Older woman in a wheelchair being pushed by daughter

Guardianships for Adults with Disabilities

North Carolina guardianship and special needs laws provide a legal path for loved ones and family members to apply for guardianship of an adult with disabilities. The laws can be complicated and a caregiver focused on caring for an adult with disabilities might be overwhelmed by the legal requirements to obtain guardianship or set up a special needs trust. Our North Carolina elder law attorneys handle the legal work for you so that you can continue focusing your time on caring for your family member.

What Is a Guardianship for an Adult with Disabilities in North Carolina?

A guardian is appointed by the court to make decisions and act on behalf of someone incapable of making decisions for themselves. They do not have the capacity to manage their personal affairs, finances, medical care, or any combination. The court may appoint a guardian for a minor child who has received assets or an adult with disabilities.

The guardian’s role is to make decisions for the individual that are in their best interests. The guardian should allow the person to participate as much as possible in the decisions that affect them. However, when the person’s decisions conflict with their best interests, it is up to the guardian to make the decision that best protects the individual under their care.

When Does a Court Appoint a Guardian for an Adult?

There are many reasons why the court might grant guardianship of an adult. Some reasons include, but are not limited to:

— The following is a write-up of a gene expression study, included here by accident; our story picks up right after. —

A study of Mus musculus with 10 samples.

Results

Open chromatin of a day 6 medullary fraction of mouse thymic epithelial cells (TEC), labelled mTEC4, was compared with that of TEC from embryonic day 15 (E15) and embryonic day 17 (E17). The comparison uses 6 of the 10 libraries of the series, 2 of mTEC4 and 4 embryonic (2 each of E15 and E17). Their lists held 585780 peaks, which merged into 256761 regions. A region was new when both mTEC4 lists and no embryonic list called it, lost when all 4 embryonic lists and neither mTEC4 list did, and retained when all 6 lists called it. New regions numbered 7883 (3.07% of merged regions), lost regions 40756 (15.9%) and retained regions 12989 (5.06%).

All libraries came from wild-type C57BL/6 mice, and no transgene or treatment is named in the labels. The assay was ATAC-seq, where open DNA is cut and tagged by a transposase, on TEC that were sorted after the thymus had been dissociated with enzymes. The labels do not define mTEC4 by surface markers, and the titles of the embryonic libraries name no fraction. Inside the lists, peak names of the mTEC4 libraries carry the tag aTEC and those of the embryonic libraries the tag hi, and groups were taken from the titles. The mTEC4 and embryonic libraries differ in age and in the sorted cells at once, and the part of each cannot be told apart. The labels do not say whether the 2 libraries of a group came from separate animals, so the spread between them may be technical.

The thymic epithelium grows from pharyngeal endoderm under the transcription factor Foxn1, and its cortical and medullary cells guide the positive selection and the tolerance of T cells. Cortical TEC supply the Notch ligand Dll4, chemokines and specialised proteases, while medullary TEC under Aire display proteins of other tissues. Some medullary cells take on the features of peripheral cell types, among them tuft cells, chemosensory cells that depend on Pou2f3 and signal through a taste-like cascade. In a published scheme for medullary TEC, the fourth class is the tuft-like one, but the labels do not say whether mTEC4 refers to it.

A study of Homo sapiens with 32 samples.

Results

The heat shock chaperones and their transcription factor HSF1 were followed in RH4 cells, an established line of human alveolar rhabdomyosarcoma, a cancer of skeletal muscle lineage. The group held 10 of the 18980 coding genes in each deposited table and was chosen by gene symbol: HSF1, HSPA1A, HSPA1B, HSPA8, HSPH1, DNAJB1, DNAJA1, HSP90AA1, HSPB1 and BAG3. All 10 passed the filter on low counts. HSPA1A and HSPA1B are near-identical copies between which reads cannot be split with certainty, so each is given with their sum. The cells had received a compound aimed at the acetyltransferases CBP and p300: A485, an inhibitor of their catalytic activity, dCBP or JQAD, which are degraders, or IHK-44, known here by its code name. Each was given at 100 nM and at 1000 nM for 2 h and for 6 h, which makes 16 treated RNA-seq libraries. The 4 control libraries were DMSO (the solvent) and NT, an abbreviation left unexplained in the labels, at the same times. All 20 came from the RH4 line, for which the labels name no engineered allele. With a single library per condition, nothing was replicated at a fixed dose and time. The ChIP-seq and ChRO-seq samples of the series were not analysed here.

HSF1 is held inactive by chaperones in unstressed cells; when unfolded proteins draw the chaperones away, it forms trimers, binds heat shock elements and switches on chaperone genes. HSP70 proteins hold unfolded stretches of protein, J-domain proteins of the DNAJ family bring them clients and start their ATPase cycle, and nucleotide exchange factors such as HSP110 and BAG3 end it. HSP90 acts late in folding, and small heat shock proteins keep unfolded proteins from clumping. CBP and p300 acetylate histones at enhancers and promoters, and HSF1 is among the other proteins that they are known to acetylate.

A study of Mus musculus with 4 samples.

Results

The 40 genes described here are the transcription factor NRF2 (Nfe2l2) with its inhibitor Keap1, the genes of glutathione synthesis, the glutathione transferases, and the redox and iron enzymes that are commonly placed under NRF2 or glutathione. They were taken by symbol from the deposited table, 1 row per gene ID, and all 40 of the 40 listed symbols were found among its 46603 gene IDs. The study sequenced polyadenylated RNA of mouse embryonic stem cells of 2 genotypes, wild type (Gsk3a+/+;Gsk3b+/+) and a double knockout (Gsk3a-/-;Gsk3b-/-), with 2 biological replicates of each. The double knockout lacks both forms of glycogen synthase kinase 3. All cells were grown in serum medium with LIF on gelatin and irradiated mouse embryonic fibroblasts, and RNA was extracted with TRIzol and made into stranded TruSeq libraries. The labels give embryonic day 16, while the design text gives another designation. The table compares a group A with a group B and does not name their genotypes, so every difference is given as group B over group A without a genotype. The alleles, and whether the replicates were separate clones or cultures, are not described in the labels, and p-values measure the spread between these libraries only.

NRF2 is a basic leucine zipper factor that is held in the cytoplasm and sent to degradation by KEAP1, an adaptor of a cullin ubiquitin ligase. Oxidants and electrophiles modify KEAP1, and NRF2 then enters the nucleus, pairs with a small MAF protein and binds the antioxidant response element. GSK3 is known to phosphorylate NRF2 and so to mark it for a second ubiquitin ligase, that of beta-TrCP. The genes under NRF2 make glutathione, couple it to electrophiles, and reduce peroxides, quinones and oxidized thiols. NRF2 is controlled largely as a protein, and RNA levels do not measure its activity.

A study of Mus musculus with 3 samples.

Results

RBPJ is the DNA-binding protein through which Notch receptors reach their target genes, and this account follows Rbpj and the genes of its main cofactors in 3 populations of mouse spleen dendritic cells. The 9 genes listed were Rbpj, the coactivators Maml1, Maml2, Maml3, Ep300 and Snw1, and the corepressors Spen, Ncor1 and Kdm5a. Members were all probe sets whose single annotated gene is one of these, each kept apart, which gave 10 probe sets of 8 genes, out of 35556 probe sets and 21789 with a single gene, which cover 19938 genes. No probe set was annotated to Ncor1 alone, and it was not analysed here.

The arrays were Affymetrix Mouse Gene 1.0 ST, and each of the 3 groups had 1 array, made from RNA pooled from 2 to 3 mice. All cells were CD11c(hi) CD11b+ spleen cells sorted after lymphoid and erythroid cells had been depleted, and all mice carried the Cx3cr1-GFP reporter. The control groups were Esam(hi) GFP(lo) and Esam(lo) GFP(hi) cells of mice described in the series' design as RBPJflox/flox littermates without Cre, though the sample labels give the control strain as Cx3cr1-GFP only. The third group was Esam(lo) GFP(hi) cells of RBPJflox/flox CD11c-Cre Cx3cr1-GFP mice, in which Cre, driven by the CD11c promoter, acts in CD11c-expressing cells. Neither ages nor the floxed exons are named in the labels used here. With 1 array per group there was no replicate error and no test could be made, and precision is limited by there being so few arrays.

• Mental illness 
  • Developmental disability
  • Degenerative brain disorders, such as Alzheimer’s or dementia
  • Mental deficiency or intellectual disability 
  • An accident or illness leaves the person mentally incapacitated because of an injury
  • An illness results in a permanent vegetative state or coma

The person petitioning for guardianship has the burden of proving the adult is incompetent and unable to handle their affairs. Showing poor judgment is generally not sufficient to rule someone incompetent. 

Instead, there must be medical and other evidence proving the person is incapable of making decisions or communicating their decisions because of a physical or mental condition or that they are acutely vulnerable or at-risk without protection of a guardian. The bottom line is that the court must find the adult incompetent to appoint a guardian.

Setting Up a Special Needs Trust for an Adult with Disabilities

After being appointed guardian, you should discuss your loved one’s future care with an estate planning lawyer. Many adults with disabilities receive government assistance from one or more programs. These programs usually have specific eligibility requirements, including limitations and restrictions for income and resources.

A special needs trust allows you and other family members to leave money and property to a disabled adult when you die without interfering with eligibility for government assistance. An experienced lawyer can help you set up a special needs trust that can help supplement government assistance to ensure your loved one has the continued care they need if something should happen to you. 

Call Now for a Free Consultation With Our North Carolina Estate Planning Attorneys

Caring for an adult with disabilities can be challenging. However, there are numerous resources available to help. Our North Carolina estate planning attorneys work with you to determine the best strategy for providing for your loved one’s needs. Reach out to our office today to request a free consultation with one of our experienced lawyers.